A resounding majority of player reps voted last night by conference call to install a investigative panel of four veteran NHLers - Nicklas Lidstrom, Rob Blake, Mark Recchi and Chris Chelios - to look into the events of the past two months that have made the union the laughingstock of the hockey industry.
Included in those events was the early morning putsch in Chicago in late August that saw executive director Paul Kelly fired, and quickly resulted in the departure of senior executives like Glenn Healy and Pat Flatley.
However, while between 17 and 19 of the 22 teams represented on the last night's call voted in favour of the new committee, by the union's constitution the resolution did not pass because 25 teams were not involved and therefore there was no official quorum.
"It's really discouraging," said one player. "Guys have to understand this is important." Those in favour of the new committee have several days to try and get 20 votes in favour of the new committee, at which point it would be established. If more teams can't be persuaded to either participate or vote in favour of the new committee, it will die.
Penny, who took over as interim executive director after successfully leading the coup that resulted in Kelly's ouster, was asked to remove himself from last night's call and, after some discussion, he reluctantly did so. The players also declined to hear from baseball union boss Don Fehr, preferring instead to have a players only call.
Penny has made his opposition to this new committee known, and now has several days to try and sway the votes of various player reps. Still, this was the latest in a series of internal votes that have gone heavily against him, and it appears the five-year contract he received in June will also be reviewed.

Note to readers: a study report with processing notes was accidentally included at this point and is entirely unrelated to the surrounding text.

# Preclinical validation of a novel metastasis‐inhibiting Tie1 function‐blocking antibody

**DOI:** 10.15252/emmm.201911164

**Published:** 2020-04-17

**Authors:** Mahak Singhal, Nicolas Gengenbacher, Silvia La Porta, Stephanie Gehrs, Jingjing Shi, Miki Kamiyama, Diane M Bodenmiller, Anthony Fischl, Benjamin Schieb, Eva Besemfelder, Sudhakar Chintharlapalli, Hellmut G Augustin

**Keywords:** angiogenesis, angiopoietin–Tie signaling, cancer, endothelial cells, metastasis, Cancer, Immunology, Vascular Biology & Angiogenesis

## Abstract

Penny has declined requests for interviews from the Star.
Hargrove, the union's ombudsman and unofficial spokesman since Penny took over, appears on the verge of being dismissed, but he wasn't fired last night.
After allowing various more junior union members like Andrew Ference and Matt Stajan of the Maple Leafs to take influential roles in the firing of Kelly, it's noteworthy that the association seems to now be inclined to put its faith in the hands of more senior players like Chelios, Blake, Lidstrom and Recchi. Lidstrom's involvement is pivotal and there have been few influential European players involved in the union's affairs in recent months.
Ference was the loudest player voice in the room when Kelly was fired at 4 a.m. that infamous day in Chicago, but he has already announced he is stepping down as Boston's player rep. Stajan has consistently backed Penny and said the union was right to fire Kelly.
Chelios, meanwhile, was set to lose his position as Detroit's player rep on Oct. 31st because he is currently not on the Red Wings roster. This will keep him involved, and he was one of the most dogged opponents of former executive director Ted Saskin before Saskin was fired for spying on players emails.
That's not good news for Penny either.